New insights into the normal and leukemic stem cell niche: A timely review


The concept that tissue stem cells develop within specialized microenvironments or niches originated from genetic studies of germ cell development in Drosophila (1), but much of what we know about stem cell niche biology has emerged from studies of the hematopoietic stem cell (HSC) niche, first conceptualized over 30 years ago by Schofield (2). In this issue of Clinical Cytometry, Krause et al. provide a comprehensive update on this rapidly moving field (3). Recent studies have demonstrated that the niche for normal HSC is complex, dynamic, and composed of multiple cellular components including osteoblasts, osteoclasts, mesenchymal stem cells, fibroblasts, adipocytes, macrophages, perivascular and endothelial cells, and sympathetic neurons and glial cells. Most of the new knowledge has emerged from sophisticated in vivo imaging techniques such as two-photon confocal microscopy (4), use of genetically modified mice that either lack critical niche signaling (5) or adhesion (6) molecules or express fluorescent reporter proteins in different niche lineages (7), and increasingly sophisticated flow cytometric analysis and cell purification (8). Krause et al. summarize the current state of knowledge of the HSC niche, the relationship between the vascular and osteoblastic niches within the bone marrow microenvironment, and emerging efforts to manipulate the niche in clinical HSC transplantation.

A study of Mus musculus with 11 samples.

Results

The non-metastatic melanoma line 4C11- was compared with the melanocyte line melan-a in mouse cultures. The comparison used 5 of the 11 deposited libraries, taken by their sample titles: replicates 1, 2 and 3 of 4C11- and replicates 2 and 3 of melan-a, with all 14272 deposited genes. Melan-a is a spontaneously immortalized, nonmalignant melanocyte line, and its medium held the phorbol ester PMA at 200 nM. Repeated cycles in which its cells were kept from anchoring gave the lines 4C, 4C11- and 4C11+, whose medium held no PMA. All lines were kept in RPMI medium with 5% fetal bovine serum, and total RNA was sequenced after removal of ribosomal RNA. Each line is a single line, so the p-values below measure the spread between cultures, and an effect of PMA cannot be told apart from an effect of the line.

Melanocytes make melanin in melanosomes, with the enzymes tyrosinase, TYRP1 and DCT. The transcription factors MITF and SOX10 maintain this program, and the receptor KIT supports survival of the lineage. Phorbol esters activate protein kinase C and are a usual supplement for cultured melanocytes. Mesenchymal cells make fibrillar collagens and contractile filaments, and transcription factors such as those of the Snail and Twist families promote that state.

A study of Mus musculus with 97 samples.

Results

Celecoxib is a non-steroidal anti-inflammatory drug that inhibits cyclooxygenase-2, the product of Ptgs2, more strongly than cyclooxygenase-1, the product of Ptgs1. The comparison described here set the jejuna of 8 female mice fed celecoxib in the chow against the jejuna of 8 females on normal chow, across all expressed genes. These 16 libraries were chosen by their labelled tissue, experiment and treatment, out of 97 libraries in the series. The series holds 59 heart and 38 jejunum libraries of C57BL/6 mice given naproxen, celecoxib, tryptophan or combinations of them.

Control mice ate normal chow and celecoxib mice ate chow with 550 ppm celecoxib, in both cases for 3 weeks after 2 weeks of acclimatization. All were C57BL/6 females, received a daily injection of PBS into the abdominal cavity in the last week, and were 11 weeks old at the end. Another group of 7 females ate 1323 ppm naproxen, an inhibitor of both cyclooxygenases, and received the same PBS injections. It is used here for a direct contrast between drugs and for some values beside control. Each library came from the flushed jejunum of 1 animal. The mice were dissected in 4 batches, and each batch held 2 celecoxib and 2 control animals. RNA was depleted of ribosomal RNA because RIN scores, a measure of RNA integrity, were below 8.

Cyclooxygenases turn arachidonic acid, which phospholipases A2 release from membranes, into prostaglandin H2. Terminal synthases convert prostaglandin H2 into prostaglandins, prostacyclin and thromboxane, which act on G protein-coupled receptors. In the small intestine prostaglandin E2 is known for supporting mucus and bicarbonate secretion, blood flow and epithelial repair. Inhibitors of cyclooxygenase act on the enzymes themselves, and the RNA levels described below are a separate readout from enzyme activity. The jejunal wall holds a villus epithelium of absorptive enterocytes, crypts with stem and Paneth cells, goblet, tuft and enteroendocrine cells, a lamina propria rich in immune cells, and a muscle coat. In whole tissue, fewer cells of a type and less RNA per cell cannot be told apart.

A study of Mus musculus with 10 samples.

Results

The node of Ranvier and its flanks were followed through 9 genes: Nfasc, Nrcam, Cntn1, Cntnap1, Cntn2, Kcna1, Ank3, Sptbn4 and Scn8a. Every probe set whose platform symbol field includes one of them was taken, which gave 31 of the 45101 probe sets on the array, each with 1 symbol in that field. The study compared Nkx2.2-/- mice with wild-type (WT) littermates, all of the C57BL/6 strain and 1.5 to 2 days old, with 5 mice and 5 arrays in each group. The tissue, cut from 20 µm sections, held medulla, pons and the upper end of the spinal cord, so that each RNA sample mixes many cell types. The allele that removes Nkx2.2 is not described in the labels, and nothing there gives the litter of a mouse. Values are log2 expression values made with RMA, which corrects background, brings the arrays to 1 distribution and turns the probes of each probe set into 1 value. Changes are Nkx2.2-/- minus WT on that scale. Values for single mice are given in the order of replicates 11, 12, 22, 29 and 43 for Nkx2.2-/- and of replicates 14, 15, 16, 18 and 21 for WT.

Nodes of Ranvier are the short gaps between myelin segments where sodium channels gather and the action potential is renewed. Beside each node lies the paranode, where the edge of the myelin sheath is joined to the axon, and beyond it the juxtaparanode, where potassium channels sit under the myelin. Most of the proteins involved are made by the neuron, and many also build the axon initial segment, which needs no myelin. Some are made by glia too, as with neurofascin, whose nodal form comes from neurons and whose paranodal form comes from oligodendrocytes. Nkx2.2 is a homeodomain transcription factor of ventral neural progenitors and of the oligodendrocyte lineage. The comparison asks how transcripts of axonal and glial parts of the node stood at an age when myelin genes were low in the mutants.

By contrast, the study of the influence of the bone marrow microenvironment on the pathogenesis of hematopoietic malignancies is less well understood. Transplantation studies in mouse models of chronic (CML) and acute (AML) myeloid leukemias and xenotransplantation of the corresponding human leukemias into immunodeficient mice have identified populations of malignant progenitors that are capable of initiating and sustaining these leukemias (9). These so-called leukemia stem cells (LSC) are postulated to be the cause of relapse following induction of remission with chemotherapy. By analogy to normal HSC, LSC are thought to reside in specific bone marrow niches that regulate their self-renewal, quiescence, and sensitivity to chemoradiotherapy. Until quite recently, we had little insight into the nature of these LSC niches (10) or whether they could represent a novel target for leukemia therapy. Early studies identified CD44 as an adhesion molecule binding selectins and hyaluronic acid that is expressed on both CML (11) and AML (12) stem cells, mediating homing, engraftment, and maintenance of LSC in transplanted mice. Other studies showed a dependence of AML LSC on β1 integrins (13) and the chemokine CXCL12 (14), contributing to chemotherapy resistance. Importantly, both anti-CD44 (Hoffmann-La Roche) and anti-CXCR4 (the receptor for CXLC12; Sanofi-Genzyme) therapies are currently in clinical trials for AML. Krause et al. discuss the rapid progress in this area, including exciting recent studies suggesting that the CML and AML stem cell niches are distinct and can be manipulated pharmacologically (15).

What can we expect from this field in the future? A better understanding of the normal HSC niche should inform clinical strategies to improve HSC mobilization for both autologous and allogeneic transplantation, and to improve engraftment of recipients. Conversely, targeting the LSC niche has the promise to increase the response to cytotoxic and tyrosine kinase inhibitor therapy and eliminate residual leukemia, increasing the probability of cure. The review by Krause et al. illuminates both the progress made and the road ahead for translational and clinical investigators in this exciting arena.